Monday, April 18, 2005

It's no good to have it and not use it...

From the Toledo Blade:

At least six traffic stops. Five driver's license renewals. One night in jail.

At any of those times, Toledo's most elusive murder suspect could have been nabbed in a four-decade-old electronic, nationwide web for fugitives - had Toledo police entered the arrest warrant into an FBI database. Now, the arrest of David Delacruz raises a key question: Are there other fugitives whose warrants have not been entered into the proper electronic databases?

Toledo police have 8,476 active warrants, dating to 1954, court records show. A third of those are felonies - the more serious category of crime. Toledo police say they don't have a system in place to ensure fugitives' names have been entered into the correct databases.

While such information has been automatically sent to databases since the late 1980s, old warrants had to be typed in. And police have no central repository for those old paper warrants, particularly from the 1970s. Court records show Toledo police have 512 active felony warrants issued before 1980.


Police technology is a great thing, but you have to actually use it for it to be effective.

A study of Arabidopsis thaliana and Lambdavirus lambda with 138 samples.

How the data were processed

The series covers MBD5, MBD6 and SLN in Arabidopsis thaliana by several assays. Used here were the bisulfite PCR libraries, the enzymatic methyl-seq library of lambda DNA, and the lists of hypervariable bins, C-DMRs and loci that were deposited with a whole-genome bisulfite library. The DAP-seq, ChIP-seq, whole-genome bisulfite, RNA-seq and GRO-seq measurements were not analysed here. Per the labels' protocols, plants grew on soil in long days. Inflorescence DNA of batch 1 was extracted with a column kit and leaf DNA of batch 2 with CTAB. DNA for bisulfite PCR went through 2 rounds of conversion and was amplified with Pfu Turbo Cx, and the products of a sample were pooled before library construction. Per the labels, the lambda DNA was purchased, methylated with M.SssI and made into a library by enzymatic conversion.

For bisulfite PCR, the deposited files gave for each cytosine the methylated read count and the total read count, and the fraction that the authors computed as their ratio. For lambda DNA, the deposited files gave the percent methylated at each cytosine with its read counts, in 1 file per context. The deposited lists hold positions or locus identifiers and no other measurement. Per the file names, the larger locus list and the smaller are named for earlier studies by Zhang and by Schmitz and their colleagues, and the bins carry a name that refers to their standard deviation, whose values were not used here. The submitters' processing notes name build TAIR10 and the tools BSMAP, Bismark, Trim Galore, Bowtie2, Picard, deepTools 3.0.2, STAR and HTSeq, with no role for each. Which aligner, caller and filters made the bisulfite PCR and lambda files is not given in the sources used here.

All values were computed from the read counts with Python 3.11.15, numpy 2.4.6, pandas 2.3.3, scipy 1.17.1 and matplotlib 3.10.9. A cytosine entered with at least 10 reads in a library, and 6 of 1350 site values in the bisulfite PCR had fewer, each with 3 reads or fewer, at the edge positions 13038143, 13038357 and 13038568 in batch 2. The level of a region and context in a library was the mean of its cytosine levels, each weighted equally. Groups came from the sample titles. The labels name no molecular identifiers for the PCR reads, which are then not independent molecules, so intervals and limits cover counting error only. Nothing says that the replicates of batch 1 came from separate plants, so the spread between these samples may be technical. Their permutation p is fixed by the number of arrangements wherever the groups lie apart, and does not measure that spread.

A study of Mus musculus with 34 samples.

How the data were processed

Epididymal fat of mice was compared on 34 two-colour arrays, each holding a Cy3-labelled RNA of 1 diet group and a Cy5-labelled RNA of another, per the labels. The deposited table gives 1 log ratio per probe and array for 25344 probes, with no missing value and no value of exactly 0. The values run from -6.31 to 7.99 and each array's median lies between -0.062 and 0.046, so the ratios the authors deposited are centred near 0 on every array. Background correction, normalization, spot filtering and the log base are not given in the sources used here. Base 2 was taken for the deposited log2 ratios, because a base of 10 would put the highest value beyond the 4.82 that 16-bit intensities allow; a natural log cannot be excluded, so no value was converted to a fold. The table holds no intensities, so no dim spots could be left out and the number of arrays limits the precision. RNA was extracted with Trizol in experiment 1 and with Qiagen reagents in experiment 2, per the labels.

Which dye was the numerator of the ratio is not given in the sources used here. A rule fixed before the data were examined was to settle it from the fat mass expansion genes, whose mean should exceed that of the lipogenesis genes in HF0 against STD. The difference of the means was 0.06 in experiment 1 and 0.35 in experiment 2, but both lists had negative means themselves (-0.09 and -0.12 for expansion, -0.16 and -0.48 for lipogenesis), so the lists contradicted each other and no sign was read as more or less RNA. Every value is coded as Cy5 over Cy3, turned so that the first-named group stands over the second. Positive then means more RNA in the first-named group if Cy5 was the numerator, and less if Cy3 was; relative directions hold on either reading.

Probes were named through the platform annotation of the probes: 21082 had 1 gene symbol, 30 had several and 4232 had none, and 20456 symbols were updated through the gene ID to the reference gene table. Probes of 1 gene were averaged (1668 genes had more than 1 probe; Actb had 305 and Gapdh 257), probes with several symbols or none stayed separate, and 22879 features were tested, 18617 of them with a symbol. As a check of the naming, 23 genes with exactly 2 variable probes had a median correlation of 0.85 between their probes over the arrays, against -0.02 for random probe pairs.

To be fair, I think many old American institutions are still playing catch-up to modernity. Businesses have to be a technologically advanced as possible because they make their money from efficiency and customer service. If a business is behind the times, it's going to lose money and go out of business.

Cops, on the other hand, don't make profit from their business savvy. Whether they have lots of technology or very little, it doesn't make a huge difference to their bottom line. Some departments still make their officers hand write all their reports! Clearly efficiency isn't on some department's radar screen.

Eventually it will get all worked out. Not to rag on police veterens or anything like that, but I think that now that the old guard is passing on and younger generation are becoming the Captains, Commanders, Chiefs, Commissioners, and Mayors, we are seeing the birth of a real techno-boom in policing. This is not to say that the old guard is holding us all back or being obstinate (though perhaps some are), but rather that I think Generation X is just more culturally attuned to rapid progress. It's a socio-cultural thing rather than an ego thing. I'm certainly not eager to lose many of our vets because they have so much wisdom to impart. I mean, some of our instructors were out patrolling before cops carried radio packs. Can you imagine policing downtown LA without access to a radio? That takes some real courage and some real skills.

Anyways, it's an exciting time to be entering law enforcement. For all the stupid lawsuits and ridiculous vitriol against cops, all the new toys we get to play with that help us put bad guys in jail totally make up for it.